DURHAM, NC—21c Museum Hotels has opened 21c Durham, its fourth property here.
The hotel is an adaptive reuse of the Hill Building, one of the city’s most iconic structures, originally built in 1937. The property mixes contemporary design with historic Art Deco details and offers 10,500 sq. ft. of contemporary art exhibition space open free of charge to the public, a 125-room boutique hotel and Counting House restaurant.
Contemporary art is at the heart of the 21c experience, according to the company. The company was founded by Laura Lee Brown and Steve Wilson, contemporary art collectors and preservationists who believe in the power of innovative and thought-provoking art to transform communities. 21c Durham presents rotating solo and group exhibitions, site-specific installations and a full roster of cultural programming curated by Museum Director Alice Gray Stites.
The property features seven permanent site-specific installations integrated into a variety of spaces around and within the building. Collectively titled Reflecting Transformation, these works reference nature, technology, economics, politics and entertainment to illuminate the evolution of the past into a future-focused present. Works include Duke Riley’s It Will Warm You Twice, a large-scale mosaic made of cigarettes and mini cigars that references the ubiquitous role that tobacco has played in the development and history of Durham, as well as the decline of its influence. Other artists featured are Andrew Erdos, Astrid Krogh, Ned Kahn, Claire Shegog, FUTURERETRIEVAL (Katie Parker and Guy Michael Davis) and Leslie Lyons and JB Wilson.
The property’s inaugural exhibition Pop Stars! (on view through August) is a multimedia exploration of popular culture a decade and a half into the 21st Century featuring more than 100 works by an international group of artists. Featured artists include Sanford Biggers, Wang Du, Nick Cave, Ebony Patterson, Mickalene Thomas, Deitrich Wegner, Robert Wilson, Adriana Duque and José Maria Cano. Docent tours of current exhibitions and site-specific installations are offered free of charge to the public on Wednesdays and Fridays at 5:00 pm.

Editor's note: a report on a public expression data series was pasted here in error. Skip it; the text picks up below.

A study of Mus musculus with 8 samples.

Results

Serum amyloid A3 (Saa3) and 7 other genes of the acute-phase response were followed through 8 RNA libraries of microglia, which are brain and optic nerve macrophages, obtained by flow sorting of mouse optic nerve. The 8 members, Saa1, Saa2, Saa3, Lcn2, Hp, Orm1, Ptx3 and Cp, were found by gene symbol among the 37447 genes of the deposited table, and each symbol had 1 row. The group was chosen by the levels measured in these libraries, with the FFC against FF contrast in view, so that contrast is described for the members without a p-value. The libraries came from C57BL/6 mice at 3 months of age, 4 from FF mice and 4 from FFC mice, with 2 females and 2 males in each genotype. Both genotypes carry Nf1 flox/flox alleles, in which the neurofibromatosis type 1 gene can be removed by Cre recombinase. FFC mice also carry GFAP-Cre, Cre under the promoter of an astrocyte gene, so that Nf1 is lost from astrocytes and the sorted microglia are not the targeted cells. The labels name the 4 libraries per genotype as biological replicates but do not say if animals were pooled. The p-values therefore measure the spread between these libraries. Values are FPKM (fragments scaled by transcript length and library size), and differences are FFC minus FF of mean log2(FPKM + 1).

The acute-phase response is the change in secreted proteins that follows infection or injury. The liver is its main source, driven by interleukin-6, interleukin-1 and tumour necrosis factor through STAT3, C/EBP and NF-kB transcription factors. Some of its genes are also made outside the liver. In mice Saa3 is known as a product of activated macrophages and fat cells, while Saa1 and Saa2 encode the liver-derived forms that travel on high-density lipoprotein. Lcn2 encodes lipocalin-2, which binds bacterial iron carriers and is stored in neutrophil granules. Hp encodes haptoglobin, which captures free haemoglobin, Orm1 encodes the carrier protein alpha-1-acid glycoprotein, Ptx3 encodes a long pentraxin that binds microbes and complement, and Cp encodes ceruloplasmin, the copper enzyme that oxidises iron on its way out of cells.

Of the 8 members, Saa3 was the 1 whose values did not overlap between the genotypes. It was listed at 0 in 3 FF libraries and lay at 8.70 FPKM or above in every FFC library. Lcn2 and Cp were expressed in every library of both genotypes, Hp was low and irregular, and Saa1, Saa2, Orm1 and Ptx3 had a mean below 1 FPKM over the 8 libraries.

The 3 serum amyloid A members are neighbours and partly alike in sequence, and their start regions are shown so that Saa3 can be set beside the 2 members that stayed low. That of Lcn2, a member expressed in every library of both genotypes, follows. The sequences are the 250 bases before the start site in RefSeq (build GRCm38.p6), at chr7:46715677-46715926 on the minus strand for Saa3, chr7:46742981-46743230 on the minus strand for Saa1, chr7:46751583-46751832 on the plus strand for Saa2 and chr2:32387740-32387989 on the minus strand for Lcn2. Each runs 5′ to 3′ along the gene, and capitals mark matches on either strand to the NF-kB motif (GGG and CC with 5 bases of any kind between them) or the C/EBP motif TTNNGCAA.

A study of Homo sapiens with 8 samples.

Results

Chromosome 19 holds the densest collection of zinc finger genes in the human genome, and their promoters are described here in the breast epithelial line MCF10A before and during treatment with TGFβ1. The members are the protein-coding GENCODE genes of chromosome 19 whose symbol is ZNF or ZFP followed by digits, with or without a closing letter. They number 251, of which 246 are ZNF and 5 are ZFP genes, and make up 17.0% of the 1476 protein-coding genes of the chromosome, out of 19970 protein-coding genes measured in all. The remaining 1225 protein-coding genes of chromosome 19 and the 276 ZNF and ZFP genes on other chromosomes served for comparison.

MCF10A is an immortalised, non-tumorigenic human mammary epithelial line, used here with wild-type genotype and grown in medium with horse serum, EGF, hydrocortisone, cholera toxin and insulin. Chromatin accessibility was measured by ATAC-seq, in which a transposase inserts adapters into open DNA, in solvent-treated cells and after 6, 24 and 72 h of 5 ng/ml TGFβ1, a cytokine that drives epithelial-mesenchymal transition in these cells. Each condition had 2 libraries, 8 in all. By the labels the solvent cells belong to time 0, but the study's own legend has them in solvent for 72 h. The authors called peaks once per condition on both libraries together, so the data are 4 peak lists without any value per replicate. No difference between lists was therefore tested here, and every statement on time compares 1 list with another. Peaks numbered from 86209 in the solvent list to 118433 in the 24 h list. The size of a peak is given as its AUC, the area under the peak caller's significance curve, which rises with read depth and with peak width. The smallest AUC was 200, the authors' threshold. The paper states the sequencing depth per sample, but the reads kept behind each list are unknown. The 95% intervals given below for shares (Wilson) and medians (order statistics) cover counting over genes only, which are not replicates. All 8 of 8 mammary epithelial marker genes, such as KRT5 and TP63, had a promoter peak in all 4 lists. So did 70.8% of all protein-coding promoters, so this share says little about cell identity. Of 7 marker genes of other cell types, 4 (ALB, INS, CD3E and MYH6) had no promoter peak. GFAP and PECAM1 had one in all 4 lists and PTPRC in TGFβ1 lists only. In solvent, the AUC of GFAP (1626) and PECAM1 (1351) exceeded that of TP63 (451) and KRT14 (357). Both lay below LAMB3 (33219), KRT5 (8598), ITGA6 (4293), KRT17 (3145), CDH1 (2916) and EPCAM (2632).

The property’s museum space doubles as meeting and event space. The Main Gallery, located in the old banking hall, offers original wood paneling, terrazzo flooring, velvet drapery and LED globe chandeliers. The Vault, located in the historic bank vault on the lower level, offers lounge seating, a site-specific art commission, and historic vault door and safety deposit boxes.
21c Durham offers a variety of guestroom types featuring original terrazzo flooring and natural light. Art Deco windows and steel accents are married with a simple materials palette in gray tones and copper details. The 21c Suite, a one-bedroom suite occupying the entire 15th floor, features custom designed furniture, a private terrace with a soaking tub, en suite bathroom with standing shower and double vanity sinks, powder room and wet bar.
The property is also home to Counting House, helmed by Executive Chef Josh Munchel. Counting House occupies a space that was originally the Ellis Stone department store. Designed by Deborah Berke Partners, the space features an open kitchen, with a chef’s table nearby. The interior also features a graduated ceiling starting with soaring heights of 23 feet and gradually lowering toward the heart of the restaurant, enhancing the space’s intimate character, according to the company. The restaurant also features site-specific contemporary art installations and rotating exhibitions.
21c Durham is housed in the Hill Building located in the Downtown Durham Historic District. The 17-story building was designed in 1937 by Shreve, Lamb and Harmon, architects famous for the Empire State Building. The New York-based architects worked in association with Durham architect George Watts Carr. Listed on the National Register of Historic Places, the Hill Building is one of three Art Deco structures built in Durham’s commercial core in the 1930s. The ground floor originally housed both the Ellis Stone Department Store and the Home Savings Bank and Trust Company, while offices occupied the other 16 stories. New York-based architects Deborah Berke Partners, design architect and interior design firm for the project, preserved historic details, such as original green marble walls and the silver leaf ceiling and terrazzo floors in the hotel entrance, throughout the property.